School tries (and fails) to ban Christmas

Ho ho ho! In Dr Seuss’s book, the Grinch tries to steal Christmas from the inhabitants of Whoville.

Has the meaning of Christmas been lost? Lady Lumley’s School reversed its decision to ban festivities after more than 500 pupils wrote letters arguing that the holiday is still valuable.

“No cards, no parties, no gifts and no Christmas tree.”

This year, teachers at Lady Lumley’s School in North Yorkshire decided that enough is enough.

The true meaning of Christmas has been lost in an “an avalanche of commercialisation,” said RE teacher Chris Paul. Rather than a day of religious celebration and goodwill, the festive season has become “a very stressful, expensive, argumentative and lonely time” for many.

The school announced a ban on all Christmas activities and decorations. That is, unless students could persuade Mrs Paul to reconsider.

“If the arguments are good enough, we might see fairy lights in Lady Lumley’s once more.”

Within days, the school received more than 500 emails and letters. Pupils considered the true meaning of Christmas, the value of tradition and its place in modern society.

Mrs Paul was impressed by “thoughtful” students who made “a strong case”. So impressed, in fact, that Lady Lumley’s School is now once more adorned with baubles, bells and boughs of holly.

Head teacher Richard Bramley insists the challenge was worthwhile.

“Students were asked to challenge the status quo,” he says. In doing so, they learnt how to deal with “the feeling that a decision is unfair” in a constructive way, which could help them to become more active citizens in the future.

The school is far from alone in questioning whether Christmas has shifted from a day to mark the birth of Jesus to a secular celebration of consumerism.

On Black Friday, which marks the first day of the Christmas shopping season, Britons spent an estimated £2.6 billion. For the first time ever, more than half of the UK population now has no religion.

There is even a growing push to interrogate the value of classic Christmas songs. Activists argue that Jingle Bells has racist origins, emerging from minstrel shows in the 1850s, and that Rudolph the Red-Nosed Reindeer could normalise bullying.

Has the meaning of Christmas been lost?

Holy night?

Yes, say some. Values like goodwill and selflessness have been hijacked by retailers who want our money — just look at the Coca-Cola and John Lewis adverts. Each year, the decorations go up earlier to get us spending for longer. Most of us aren’t even Christian anymore, so Christmas has become completely detached from its origins.

Don’t be such a grinch, reply others. Christmas values are alive and well in charity appeals, as well as the increased focus on social issues like homelessness and elderly loneliness over the festive period. Besides, this time of year has a unique power to bring families together, and give us time to rest and reflect after a year of hard work.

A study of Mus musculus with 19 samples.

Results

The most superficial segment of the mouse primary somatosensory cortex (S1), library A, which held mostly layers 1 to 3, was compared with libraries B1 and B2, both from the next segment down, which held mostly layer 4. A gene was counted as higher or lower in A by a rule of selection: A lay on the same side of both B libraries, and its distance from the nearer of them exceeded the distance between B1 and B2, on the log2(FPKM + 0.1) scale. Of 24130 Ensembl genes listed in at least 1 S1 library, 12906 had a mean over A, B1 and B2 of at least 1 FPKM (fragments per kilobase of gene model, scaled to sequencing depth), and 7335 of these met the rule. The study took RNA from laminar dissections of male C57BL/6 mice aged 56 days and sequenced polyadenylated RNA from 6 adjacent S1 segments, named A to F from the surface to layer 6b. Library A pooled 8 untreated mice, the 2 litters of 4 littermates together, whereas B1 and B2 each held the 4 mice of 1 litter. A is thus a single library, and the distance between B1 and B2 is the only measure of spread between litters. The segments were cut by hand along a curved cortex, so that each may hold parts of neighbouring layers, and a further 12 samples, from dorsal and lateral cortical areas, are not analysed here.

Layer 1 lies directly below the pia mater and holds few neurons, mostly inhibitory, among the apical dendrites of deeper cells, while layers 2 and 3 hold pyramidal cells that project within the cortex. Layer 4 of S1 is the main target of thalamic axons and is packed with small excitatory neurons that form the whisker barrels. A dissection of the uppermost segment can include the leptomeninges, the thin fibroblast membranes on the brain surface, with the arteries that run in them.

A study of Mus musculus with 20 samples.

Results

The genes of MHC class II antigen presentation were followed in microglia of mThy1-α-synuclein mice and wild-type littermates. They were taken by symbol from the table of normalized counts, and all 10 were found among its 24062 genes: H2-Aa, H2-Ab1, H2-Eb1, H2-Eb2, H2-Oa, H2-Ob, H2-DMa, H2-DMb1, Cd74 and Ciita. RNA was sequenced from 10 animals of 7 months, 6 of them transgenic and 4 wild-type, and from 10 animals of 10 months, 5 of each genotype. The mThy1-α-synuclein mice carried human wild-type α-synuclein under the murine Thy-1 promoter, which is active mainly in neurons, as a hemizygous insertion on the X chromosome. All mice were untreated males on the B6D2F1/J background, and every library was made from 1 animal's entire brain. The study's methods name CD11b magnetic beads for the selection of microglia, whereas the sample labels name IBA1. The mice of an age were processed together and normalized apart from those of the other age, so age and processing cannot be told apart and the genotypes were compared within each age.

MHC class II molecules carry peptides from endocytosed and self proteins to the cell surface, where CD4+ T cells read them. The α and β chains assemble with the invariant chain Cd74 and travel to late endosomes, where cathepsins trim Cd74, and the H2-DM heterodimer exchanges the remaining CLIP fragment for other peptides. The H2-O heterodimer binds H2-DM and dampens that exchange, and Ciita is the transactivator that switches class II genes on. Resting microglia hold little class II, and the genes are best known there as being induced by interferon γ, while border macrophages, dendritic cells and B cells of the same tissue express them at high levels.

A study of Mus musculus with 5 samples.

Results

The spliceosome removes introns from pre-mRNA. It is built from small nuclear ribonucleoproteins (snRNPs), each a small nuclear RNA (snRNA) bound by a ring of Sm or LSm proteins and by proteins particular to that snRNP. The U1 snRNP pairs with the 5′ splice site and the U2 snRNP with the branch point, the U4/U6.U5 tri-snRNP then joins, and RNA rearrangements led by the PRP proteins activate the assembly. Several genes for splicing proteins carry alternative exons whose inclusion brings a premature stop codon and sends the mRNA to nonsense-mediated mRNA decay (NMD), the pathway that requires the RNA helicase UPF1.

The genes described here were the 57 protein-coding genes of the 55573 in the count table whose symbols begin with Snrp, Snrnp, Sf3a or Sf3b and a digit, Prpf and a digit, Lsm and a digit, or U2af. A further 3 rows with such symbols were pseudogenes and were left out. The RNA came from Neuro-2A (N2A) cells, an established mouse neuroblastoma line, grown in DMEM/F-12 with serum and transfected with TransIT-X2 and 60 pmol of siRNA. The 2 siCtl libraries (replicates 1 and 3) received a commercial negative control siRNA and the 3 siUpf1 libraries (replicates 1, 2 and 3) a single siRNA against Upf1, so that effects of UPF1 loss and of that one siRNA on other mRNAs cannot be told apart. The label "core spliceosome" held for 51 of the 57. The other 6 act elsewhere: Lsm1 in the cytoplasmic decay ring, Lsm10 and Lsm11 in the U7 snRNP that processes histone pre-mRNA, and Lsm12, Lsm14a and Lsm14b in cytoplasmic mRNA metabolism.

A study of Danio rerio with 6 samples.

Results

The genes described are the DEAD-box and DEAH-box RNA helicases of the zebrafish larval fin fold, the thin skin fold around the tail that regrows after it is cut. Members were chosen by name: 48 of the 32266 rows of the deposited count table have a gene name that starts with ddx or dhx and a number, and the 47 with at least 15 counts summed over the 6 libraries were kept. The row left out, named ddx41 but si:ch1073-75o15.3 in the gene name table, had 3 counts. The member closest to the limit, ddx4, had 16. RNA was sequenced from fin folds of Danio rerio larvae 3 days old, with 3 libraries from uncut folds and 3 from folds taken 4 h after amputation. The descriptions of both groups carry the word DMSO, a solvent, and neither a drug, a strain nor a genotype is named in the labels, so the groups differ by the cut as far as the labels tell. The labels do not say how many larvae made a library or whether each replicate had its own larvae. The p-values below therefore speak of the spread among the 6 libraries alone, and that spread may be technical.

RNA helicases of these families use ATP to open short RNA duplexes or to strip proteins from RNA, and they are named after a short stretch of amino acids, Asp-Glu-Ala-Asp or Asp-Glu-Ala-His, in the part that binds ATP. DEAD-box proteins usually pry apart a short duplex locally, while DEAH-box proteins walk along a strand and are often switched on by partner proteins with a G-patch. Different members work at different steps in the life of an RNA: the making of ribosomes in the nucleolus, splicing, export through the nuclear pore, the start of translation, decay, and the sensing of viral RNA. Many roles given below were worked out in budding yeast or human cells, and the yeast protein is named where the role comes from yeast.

You Decide

  1. Should non-religious people celebrate Christmas? Why/why not?
  2. Should we do things just because we have always done them?

Activities

  1. Draw and decorate your own Christmas tree! You don’t have to use traditional items like stars or angels if you don’t want to. Use your imagination and invent your own Christmas traditions that mean something to you. For example, the decorations could represent the different parts of the world your family are from, or even your favourite sports team.
  2. Write your own letter about the true meaning of Christmas. Consider the comments from Mrs Paul about the problems with Christmas and the questions raised in You Decide.

Some People Say...

“My idea of Christmas, whether old-fashioned or modern, is very simple: loving others.”

Bob Hope

What do you think?

Q & A

What do we know?
Lady Lumley’s School, a secondary school in North Yorkshire, has reversed its decision to ban Christmas activities and decorations. It argued that the meaning of Christmas has become lost in an “avalanche of commercialisation”. Students were encouraged to write letters considering the value of Christmas in order to persuade the school to change its mind. They wrote more than 500 letters. The school said that “students who really thought about the situation and challenged the decision appropriately created the change”.
What do we not know?
Whether we will ever be able to truly say that the meaning of Christmas has been lost. Every family or person has a different relationship with the holiday, with people celebrating it in different ways and associating it with different things.

Word Watch

Commercialisation
When something is run for purely financial gain. For example, some people think that shops use Christmas as a tool to make people spend more money. This means that people end up caring more about expensive presents than things like love, charity and fellowship.
Adorned
Added decoration to make something more beautiful.
Secular
Not religious.
Consumerism
A theory that says society encourages people to buy products or goods in ever-greater amounts.
Religion
The 2017 British Social Attitudes Survey found that 53% of all British adults describe themselves as having no religious affiliation, up from 48% in 2015. Only 3% of under-24s identified as Anglican, and 5% as Catholic.
Minstrel shows
Entertainment shows that originated in America during the early 19th century in which white performers often wore black make-up or blackface. This encouraged racist views of black people.
Normalise
Give a false impression that something is normal and acceptable. In the song, “all of the other reindeer used to laugh and call him names”.